Carpentry across the world: an insight to technique


Carpentry is one of the oldest construction techniques across every society, and has evolved to incorporate new materials, methods and applications.

Now an umbrella term for a number of techniques and processes, carpentry today involves a range of building materials, rather than just wood.

So whether you’re considering studying our CPC30220 Certificate III in Carpentry, are pursuing a woodworking career, or are looking to specialise your skillset, it’s worthwhile seeing just where a trade can take you.

Woodworking, joinery and carpentry remain highly specialised crafts, and their timber products are in high demand for on-trend and prestige homes. While the basics of many types of carpentry can be taught in a Certificate III in Carpentry, they take a lifetime to perfect, making this field a passion for many craftspeople.

Let’s take a closer look at some of the traditional woodworking techniques and carpentry methods from around the world, and how they have made their way into modern homes.

French Parquetry

This high-end technique is primarily found in flooring, though can be used in ceilings and any number of timber furniture pieces. Comprising small blocks of wood, these are arranged precisely in a mosaic or pattern for a stunning effect. The pattern itself varies, though common parquetry designs are the angular styles of herringbone and chevron.

Parquetry is an exercise in precision. Exact joints and tight margins are essential in order to achieve the clean geometric lines that feature in the end result. Today, this technique is carried out by specialised joiners.

The word originates from the Old French ‘parchet’, meaning a small or enclosed space, and the technique can be seen in some of the most famous examples of French architecture throughout history, including Louis XIV’s Palace of Versailles.

A Certificate III in Carpentry in Australia is usually geared towards building and construction, however the qualification offers the perfect training ground for developing practical skills as an apprentice. Once learned, you can use these to specialise in other fields in the future.

Sampo-Zashi Joinery

This Japanese joinery technique brings together four pieces of timber in an elegant, nail-free design, and is often reserved for the most experienced joiners and carpenters. It combines the strength of the interlocking dovetail joint, with the intricacy and precision of the puzzle-like mortise and tenon joint.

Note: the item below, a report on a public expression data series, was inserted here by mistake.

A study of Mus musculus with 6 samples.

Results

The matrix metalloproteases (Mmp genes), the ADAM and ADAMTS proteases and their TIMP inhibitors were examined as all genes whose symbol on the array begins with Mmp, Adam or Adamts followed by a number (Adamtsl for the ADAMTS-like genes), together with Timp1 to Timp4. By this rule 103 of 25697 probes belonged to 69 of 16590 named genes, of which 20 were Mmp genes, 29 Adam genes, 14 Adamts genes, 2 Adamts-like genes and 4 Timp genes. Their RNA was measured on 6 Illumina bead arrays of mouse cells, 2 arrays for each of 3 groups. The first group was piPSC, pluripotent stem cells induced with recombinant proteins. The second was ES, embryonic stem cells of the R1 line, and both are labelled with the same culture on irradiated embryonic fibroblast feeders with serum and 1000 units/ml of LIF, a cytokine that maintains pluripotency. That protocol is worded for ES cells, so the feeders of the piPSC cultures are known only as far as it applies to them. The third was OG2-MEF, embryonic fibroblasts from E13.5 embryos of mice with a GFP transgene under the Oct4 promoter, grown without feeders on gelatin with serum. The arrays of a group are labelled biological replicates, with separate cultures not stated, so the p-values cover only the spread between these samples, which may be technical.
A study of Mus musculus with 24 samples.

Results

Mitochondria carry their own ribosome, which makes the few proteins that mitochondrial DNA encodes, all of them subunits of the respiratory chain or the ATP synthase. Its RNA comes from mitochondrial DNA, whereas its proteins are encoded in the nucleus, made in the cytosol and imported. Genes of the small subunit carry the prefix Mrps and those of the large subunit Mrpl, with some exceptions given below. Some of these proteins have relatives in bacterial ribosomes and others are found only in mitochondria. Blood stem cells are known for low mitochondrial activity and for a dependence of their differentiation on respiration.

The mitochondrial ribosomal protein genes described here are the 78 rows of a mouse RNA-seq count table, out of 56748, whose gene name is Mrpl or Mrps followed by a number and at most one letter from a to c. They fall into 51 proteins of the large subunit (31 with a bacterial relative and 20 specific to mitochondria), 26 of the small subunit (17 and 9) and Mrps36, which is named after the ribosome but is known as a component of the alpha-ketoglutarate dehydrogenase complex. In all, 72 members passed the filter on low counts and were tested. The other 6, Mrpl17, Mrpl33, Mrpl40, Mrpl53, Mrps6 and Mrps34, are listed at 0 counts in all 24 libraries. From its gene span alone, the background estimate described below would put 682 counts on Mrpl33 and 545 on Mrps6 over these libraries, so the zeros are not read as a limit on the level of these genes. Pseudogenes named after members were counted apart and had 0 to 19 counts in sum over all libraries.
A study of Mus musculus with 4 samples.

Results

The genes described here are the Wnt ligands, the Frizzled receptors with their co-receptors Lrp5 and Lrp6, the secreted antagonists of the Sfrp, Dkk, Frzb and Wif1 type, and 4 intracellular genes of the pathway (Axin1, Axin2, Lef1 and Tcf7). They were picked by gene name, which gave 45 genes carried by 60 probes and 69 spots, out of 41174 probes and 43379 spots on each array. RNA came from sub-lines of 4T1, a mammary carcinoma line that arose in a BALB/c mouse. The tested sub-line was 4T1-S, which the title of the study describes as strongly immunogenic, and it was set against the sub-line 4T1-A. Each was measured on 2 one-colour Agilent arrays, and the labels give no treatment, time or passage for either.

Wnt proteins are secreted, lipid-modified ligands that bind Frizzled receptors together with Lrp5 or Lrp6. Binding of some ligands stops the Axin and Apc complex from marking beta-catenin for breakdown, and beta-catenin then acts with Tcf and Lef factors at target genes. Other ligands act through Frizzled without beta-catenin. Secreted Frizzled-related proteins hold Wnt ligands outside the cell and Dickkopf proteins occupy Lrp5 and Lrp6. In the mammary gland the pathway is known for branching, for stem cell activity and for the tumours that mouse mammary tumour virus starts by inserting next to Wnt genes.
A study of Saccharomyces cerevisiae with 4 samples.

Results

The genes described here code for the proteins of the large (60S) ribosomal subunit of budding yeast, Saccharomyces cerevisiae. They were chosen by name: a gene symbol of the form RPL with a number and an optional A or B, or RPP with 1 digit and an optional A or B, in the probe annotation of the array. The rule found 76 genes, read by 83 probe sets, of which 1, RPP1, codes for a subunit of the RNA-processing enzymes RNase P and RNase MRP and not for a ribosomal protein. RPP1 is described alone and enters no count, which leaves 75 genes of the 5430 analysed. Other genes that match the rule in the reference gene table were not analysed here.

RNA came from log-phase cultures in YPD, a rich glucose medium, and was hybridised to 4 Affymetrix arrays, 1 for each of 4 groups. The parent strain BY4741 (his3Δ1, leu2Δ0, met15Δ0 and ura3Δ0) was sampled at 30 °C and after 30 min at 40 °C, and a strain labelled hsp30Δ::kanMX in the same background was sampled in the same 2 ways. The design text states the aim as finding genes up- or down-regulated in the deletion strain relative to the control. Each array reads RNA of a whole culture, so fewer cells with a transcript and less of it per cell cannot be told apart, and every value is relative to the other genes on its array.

It is thought that the preference for timber-only construction in Japan may be due to wood’s natural ability to absorb shock. This means structures can withstand earthquakes and high winds more easily than other other materials.

By starting your Certificate III in Carpentry online, you’ll not only get exposure to building and construction onsite, but be able to practice techniques like this regularly at home.

Photo courtesy of Architizer

Dongyang Wood Carving

During the Ming and Qing dynasties, ornate wood carving in China reached its peak, and you can still see today how much of an influence this craft has.

There are three major woodcarving cities in China, one of which is Dongyang, Zhejiang Province. This city’s woodcarvings are known for their unique style, featuring deep dimension, rich compositions, and depictions of horses, lotus flowers and people.

If this style of woodcarving interests you, then why not combine it with the skills learned in a Certificate III in Carpentry online to craft Chinese-inspired cabinetry or feature furniture pieces?

Danish Furniture Design

Although a little further from the building and construction industry, transferable carpentry skills can lead you into furniture design. Here, your Certificate III in Carpentry, wherever you are in Australia, is a great place to start.

Danish furniture thrived in the middle of the twentieth century, from the 1940s and through to the 1960s. Revolutionised by designer Kaare Klint’s early interpretation of clean, modern lines, the  Bauhaus movement he represented is still alive today.

Importantly, this era was punctuated by an appreciation of both form and function, a stark contrast to mainstream design which largely neglected the aesthetic element.

Typically, Danish modern furniture uses rich materials, like natural teak hardwood and buttery leathers, helping to ensure an extremely high quality and longevity of the individual pieces.

Today, furniture remains Denmark’s fifth most important export and goes to show the impact well-trained carpenters and joiners can have on the world.

In an industry so fixated on keeping ahead of emerging technologies and improving efficiencies,  it can be easy to lose sight of the joy and value of hand-crafted pieces. Although prefabrication, robotics and automation have their place in industry, handcrafted wood furniture demands premium prices and a sense of care that is unmatched.

A career in building and construction, and an education that starts with a Certificate III in Carpentry, can pave the way for any number of careers that highlight the craft of woodworking, joinery and carpentry.

Get started today by studying a Certificate III in Carpentry right here in Australia, or apply for a Certificate III in Carpentry online to get started when it suits you.